How Lenders Interpret Your Credit Report

As mentioned on the previous page, your credit report only relays the history of your dealings with creditors. However, you need to look closely. There's information there that may seem innocent to you but not to potential creditors. This includes information like:

  • Inquiries - Every time you apply for a credit card to get a free travel mug, duffel bag, or T-shirt, you are adding another hard inquiry to your credit report. When potential lenders see these inquiries, it may wrongly imply that you're either in some financial situation where you need a lot of credit, or are planning to take on a large debt. Either can flag you as a high credit risk. Other types of inquiries, such as your own requests to view the report, employer requests to view the report and requests by marketers to get your name in order to sell you something, count as soft inquiries. These inquiries don't show up on the reports that lenders see, and therefore don't affect how they view your credit. Also, watch out when you are car shopping or mortgage shopping. Make sure you don't let the car dealer or mortgage broker run your credit unless you know you're going to be buying from them. While the FCRA allows these types of multiple credit inquiries that are within seven to 14 days of each other to be counted as a single inquiry, you would have to be careful of your timing to make sure you don't have multiple inquiries show up. So, how many hard inquiries can you have without a problem? Some experts say that if you have 10 credit card inquiries in six months, that will probably scare a lender. Others experts say that as few as six credit card inquiries in six months can label you as risky. Inquiries that are older than six months may not be looked at as strongly because if you actually set up the loan or opened the credit card account, those accounts would now be showing up on your report as well. The newer inquiries might lead the lender to think that you actually have the credit accounts available now but they haven't shown up on the credit report yet. Most inquiries drop off of your report after two years.
  • Open credit accounts - Another thing to watch out for as you gather all of those free mugs and duffel bags is that even though you may have forgotten about them, accounts you don't use still count toward your total available credit. Just as with the hard inquiries we've talked about, these can indicate to a potential lender that you could easily put yourself into financial danger with all of that readily available credit. According to TransUnion and Experian, you should not close out your oldest card, because it has the most history on it; also, you should maintain four to six credit cards to "keep your credit score and debt balances healthy" [source: TransUnion]. But other than that, close the accounts you don't use. In addition to avoiding excessive available credit, you're limiting your exposure to identity theft. Cutting up the card or just not using it doesn't mean the account is closed. You have to call or write to the card company and ask to close the account.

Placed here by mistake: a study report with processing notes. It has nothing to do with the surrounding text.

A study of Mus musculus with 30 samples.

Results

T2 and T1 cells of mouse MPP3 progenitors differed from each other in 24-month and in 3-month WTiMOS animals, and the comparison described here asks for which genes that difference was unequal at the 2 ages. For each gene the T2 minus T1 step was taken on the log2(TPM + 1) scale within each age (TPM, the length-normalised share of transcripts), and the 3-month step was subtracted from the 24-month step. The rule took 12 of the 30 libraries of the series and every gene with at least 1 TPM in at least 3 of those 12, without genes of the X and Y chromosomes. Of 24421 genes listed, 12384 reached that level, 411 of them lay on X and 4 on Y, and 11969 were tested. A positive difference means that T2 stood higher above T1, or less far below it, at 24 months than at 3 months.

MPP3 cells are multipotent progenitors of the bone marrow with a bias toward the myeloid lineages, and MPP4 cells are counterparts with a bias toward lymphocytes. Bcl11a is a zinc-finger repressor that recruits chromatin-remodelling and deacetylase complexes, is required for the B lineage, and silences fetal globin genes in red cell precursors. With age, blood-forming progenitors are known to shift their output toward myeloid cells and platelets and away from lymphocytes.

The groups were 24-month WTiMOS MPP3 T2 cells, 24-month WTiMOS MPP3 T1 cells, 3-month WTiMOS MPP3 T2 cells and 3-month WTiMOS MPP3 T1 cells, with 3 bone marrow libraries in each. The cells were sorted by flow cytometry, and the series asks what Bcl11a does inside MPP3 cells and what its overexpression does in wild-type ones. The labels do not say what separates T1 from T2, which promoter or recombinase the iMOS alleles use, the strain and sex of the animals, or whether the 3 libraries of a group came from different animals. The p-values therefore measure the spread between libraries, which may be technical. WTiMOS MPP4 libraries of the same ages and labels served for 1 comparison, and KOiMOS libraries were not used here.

• Missed payments - Obviously, your payment history makes a big difference. You should always make at least the minimum payment, or consolidate accounts to reduce your payments. These delinquencies stay on your report for seven years -- even if you've caught up your payments! The same goes for accounts that creditors have turned over to collection agencies or charged-off -- meaning that they've written the account off as a loss. Even if you do pay off the account at a later date, the charge-off or collection action stays on your report for seven years.
  • Maxed-out credit lines - Another thing that scares lenders is a maxed-out credit line (or two). This waves a big red flag and indicates that you may be financially strapped for some reason. Some experts suggest moving debt around if this is the case. For example, if you have a maxed-out card but have other cards that haven't reached their credit limits, you might consider moving some of the debt from the maxed-out card to the non-maxed-out ones.
  • Debt in relation to income - If you have unsecured credit card debt that is more than 20 percent of your annual income, lenders may not want to give you the best deal on a loan -- if they'll take the chance and give you a loan in the first place. Work to reduce the debt-to-income ratio and you'll be able to get better rates on the loans you seek.

Now, let's look at how you and others can access your credit report.